NEW YORK — It was not long after the turn of the 20th century when Lt. Giuseppe Petrosino, the New York Police Department’s most effective weapon against organized crime, was sent to Italy to attack the problem’s roots.
He stayed in hotels under an assumed name and grew a beard to alter his appearance. But his reputation and purpose had preceded him.
On the day of his murder, March 12, 1909, Petrosino left his revolver in his hotel room. And as he waited for a trolley in downtown Palermo, Sicily, two assassins approached.
Four shots. Three bullet wounds. The only New York City police officer ever killed in the line of duty on foreign soil.
The killing would never be solved, the U.S. authorities said at the time. There was a code of silence, the “omerta.” No one would talk.
But on Monday, the Italian authorities said, someone finally did.
A 28-year-old man, Domenico Palazzotto, was heard on a police wiretap bragging to an associate that his great-uncle, Paolo Palazzotto, carried out the killing on behalf of a local mafia leader, Don Vito Cascio Ferro.
The claim, reported by the Italian news agency ANSA, was not included among the charges against the younger Palazzotto, who was among some 90 suspected members of the mafia arrested Monday in Palermo. Nor did it amount to proof of his elder’s responsibility.
What it showed, instead, was the lasting notoriety of the killing that holds currency in the criminal underworld 105 years later.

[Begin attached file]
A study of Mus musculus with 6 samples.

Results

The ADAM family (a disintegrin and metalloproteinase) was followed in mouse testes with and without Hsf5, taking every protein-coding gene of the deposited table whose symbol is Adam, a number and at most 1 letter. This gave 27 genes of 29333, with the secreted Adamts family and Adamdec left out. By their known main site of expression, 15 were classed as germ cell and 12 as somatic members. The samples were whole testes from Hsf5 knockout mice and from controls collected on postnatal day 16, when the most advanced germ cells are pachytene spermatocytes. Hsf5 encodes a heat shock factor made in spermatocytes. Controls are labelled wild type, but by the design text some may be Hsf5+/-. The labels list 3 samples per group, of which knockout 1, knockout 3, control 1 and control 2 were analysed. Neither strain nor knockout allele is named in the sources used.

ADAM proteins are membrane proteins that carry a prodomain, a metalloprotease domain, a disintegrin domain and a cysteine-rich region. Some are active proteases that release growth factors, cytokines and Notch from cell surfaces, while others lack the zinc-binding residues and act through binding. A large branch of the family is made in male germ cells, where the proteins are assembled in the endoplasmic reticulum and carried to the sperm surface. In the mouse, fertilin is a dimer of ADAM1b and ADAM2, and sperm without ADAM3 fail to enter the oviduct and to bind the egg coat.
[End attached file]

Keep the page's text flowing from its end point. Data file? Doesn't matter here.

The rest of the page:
“That guy could just be running his mouth, thinking that if I say my family killed Joe Petrosino, that will give him some cred in the local prison or something,” said Joseph A. Petrosino, a grandnephew of the lieutenant and a retired Brooklyn prosecutor. “Obviously this guy has followed in the family tradition.”
Then, reflecting on his own work in law enforcement and that of his son Joseph, a New York City detective, he added, “It’s a more honorable tradition, I think.”
Giuseppe Petrosino left Padula, in the province of Salerno, Italy, for the United States as a boy and went by the name Joseph. He helped to transform the Police Department soon after joining in 1883. Known for being good with his fists, despite being 5-foot-3, he took on the organized crime that then plagued the city, catching cases involving crime in the Italian-American community.
His career intersected the lives of two presidents: Theodore Roosevelt, who as a New York City police commissioner promoted Petrosino to the top of the homicide division in 1895; and William McKinley, whose 1901 assassination Petrosino warned of.
He helped create the canine unit and the bomb squad, which grew out of what was then known as the Italian Squad.
“Who was throwing the bombs in those days?” said Thomas Reppetto, a historian of the Police Department who dedicated his book on the U.S. mafia to Giuseppe Petrosino. The answer, as Petrosino knew, was mostly anarchists and Black Hand extortionists, both largely made up of immigrants from Italy like himself.
So when the Police Department decided to send one officer to Italy to attack the crime problem in New York City at what it believed was the source, the choice of Petrosino was obvious.
When his body was returned to the city in a coffin, as many as 250,000 New Yorkers were said to have come to pay respects.
“He was a shining star,” said James C. Lisa, president of the Petrosino Association in America.